The first week of January, after just moving to the same state as Jo 4 months earlier, I entered my sister's house and my then 6 year old nephew threw himself onto the floor hollering, "Oh no, are we having turkey?!?" We laughed until our sides ached, as we realized throughout November and December, every time we had gathered together, a turkey was the guest of honor, as we gave thanks and filled our bellies. (Although, not little man's favorite food--can you tell?).
There is more than one way to
If your family is ANYTHING like ours and you have to attend multiple holiday gatherings, try to mix it up a little by preparing a turkey in a new way. Scared to try a new recipe and afraid you will mess it up? Here are some savvy tips learned from our mistakes...(DOH...I guess I should have changed names to protect the innocent).
I, Shelley, made my famous Spiced Turkey for Thanksgiving one year. Not only does this turkey recipe produce a very moist and delicious bird, but because of its secret ingredient, while deglazing the drippings, it produces a succulent gravy. What is this secret ingredient? Apple cider.
The year my first son was born, I hosted a Thanksgiving dinner for my family and 3 other families. As many of you have discovered (or will discover) as the hostess, you are usually last to sit down to eat. This was the first time these guests would taste this recipe. All I could talk about was the amazing gravy that is produced and how they would never forget this dinner. I soon discovered I was right, but not for the reason I boasted about.
All the guests sat down to enjoy the meal, slathered their plates with the famous gravy (turkey, potatoes, stuffing) and dug in. From the kitchen, I yelled, "How is it?" . . . "Great!" "Fantastic!" and "Delicious!"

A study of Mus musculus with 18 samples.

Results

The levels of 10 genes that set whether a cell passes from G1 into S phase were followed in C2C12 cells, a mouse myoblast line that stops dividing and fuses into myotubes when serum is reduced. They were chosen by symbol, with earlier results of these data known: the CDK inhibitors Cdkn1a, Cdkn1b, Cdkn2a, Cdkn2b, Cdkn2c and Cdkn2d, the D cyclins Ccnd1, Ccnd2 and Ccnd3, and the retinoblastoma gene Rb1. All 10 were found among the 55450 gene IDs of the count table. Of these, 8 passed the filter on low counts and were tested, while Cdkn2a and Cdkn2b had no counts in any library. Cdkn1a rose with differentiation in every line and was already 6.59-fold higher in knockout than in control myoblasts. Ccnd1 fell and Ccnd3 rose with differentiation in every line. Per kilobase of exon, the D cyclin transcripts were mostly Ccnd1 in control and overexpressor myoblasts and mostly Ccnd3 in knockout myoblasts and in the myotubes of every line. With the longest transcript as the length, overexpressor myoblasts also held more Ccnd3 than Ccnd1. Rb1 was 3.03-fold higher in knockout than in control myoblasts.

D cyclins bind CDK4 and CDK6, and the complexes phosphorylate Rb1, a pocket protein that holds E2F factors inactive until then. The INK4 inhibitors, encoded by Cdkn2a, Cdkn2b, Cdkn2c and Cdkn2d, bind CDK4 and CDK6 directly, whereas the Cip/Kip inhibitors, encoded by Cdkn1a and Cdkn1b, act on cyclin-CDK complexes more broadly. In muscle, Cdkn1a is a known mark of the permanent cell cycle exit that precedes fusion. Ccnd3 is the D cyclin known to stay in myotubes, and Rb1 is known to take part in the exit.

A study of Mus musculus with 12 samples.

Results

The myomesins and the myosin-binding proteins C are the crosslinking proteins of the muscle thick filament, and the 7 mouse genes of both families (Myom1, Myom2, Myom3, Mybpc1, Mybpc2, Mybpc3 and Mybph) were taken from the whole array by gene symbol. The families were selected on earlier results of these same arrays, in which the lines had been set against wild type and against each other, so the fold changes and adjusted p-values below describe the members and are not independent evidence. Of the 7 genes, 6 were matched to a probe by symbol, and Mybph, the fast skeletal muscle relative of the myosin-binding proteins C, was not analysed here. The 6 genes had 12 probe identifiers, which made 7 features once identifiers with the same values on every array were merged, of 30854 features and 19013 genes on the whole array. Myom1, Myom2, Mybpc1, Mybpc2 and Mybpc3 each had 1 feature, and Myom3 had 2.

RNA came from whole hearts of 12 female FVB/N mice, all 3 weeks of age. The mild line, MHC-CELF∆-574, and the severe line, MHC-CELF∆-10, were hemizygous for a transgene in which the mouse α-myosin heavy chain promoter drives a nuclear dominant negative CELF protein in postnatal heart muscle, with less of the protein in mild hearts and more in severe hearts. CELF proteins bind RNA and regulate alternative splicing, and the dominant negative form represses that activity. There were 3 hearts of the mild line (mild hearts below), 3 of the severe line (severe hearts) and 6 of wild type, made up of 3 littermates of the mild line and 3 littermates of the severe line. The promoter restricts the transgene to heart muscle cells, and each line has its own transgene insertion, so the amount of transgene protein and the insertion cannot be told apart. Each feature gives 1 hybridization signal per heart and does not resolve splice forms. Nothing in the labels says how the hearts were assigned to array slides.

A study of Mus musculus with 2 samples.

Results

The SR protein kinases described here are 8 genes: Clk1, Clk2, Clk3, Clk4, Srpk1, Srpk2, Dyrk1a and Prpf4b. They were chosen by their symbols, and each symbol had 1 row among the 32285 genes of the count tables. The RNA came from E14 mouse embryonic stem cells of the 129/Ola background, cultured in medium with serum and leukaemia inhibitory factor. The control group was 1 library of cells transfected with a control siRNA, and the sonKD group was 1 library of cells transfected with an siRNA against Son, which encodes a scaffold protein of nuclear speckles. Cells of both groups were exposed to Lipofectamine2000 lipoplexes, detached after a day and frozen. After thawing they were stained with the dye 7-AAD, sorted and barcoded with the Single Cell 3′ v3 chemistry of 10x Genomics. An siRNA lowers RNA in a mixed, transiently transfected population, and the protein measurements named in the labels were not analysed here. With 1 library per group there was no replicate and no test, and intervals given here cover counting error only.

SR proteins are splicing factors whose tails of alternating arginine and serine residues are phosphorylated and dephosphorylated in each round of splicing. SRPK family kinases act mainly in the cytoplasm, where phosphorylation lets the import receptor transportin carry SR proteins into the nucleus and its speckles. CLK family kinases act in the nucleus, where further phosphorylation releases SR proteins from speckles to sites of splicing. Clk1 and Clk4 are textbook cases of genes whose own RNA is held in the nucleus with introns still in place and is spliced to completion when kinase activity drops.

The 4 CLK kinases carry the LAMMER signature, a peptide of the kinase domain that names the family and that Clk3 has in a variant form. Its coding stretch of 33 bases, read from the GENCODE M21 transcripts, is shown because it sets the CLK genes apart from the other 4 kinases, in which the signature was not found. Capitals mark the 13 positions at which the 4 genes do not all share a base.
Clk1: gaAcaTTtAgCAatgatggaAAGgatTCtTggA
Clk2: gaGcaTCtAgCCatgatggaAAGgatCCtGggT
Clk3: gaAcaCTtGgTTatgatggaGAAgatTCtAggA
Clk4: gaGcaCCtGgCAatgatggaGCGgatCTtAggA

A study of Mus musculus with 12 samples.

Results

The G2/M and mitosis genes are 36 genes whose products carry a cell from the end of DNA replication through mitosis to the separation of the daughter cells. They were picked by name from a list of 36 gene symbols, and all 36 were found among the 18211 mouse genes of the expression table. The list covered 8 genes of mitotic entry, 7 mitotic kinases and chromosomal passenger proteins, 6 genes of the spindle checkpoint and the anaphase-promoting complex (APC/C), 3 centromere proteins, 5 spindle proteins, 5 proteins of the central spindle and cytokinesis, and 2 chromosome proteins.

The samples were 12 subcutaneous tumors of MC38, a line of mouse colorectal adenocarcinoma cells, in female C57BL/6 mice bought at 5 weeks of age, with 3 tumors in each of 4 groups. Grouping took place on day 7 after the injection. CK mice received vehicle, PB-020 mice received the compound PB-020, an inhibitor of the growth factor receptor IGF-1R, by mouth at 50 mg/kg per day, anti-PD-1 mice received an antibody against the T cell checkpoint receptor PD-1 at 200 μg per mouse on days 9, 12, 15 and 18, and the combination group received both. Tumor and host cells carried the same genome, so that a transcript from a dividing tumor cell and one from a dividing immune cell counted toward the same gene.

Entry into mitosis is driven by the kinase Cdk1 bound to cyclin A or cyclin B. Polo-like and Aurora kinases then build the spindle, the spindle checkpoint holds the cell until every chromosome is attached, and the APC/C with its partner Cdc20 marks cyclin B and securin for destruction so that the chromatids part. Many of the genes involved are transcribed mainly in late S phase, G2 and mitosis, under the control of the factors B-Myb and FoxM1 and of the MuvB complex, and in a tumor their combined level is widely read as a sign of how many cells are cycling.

I finished in the kitchen, sat down, made my plate, and poured the gravy. As I take my first bite, I couldn't help but spit it out. I take all the plates away, and ask, "How could you eat this?" What was the fatal mistake? (FYI, I blame mommy brain, as my son was not quite 2 months old yet.) I used apple cider vinegar and not apple cider. In a panic I call up my southern sister and this was her tip (and now our tip to you)...
TIP FOR YOU, the Savvy Mom:
As Jo explained to me, in the south "we fry our turkeys, so there are no drippin's" (hear her accent?). Jo (and now I) always has a packet of turkey gravy mix on hand (99¢ at Kroger). But don't just follow the directions on the back, use Jo's tip, and no one will know the difference!
The packet calls for 1 cup of water. Here is your substitute: cook 1/2 cup of white wine until it reduces to 1/4 cup. Combine the 1/4 cup of reduced wine with 3/4 cup of chicken broth (canned works perfect). Then follow the packet directions. So whether you fry your turkey, ruin your gravy, or have turkey takeout left over from the restaurant (don't laugh, our mom did this our entire life) you will have a succulent gravy, from an envelope.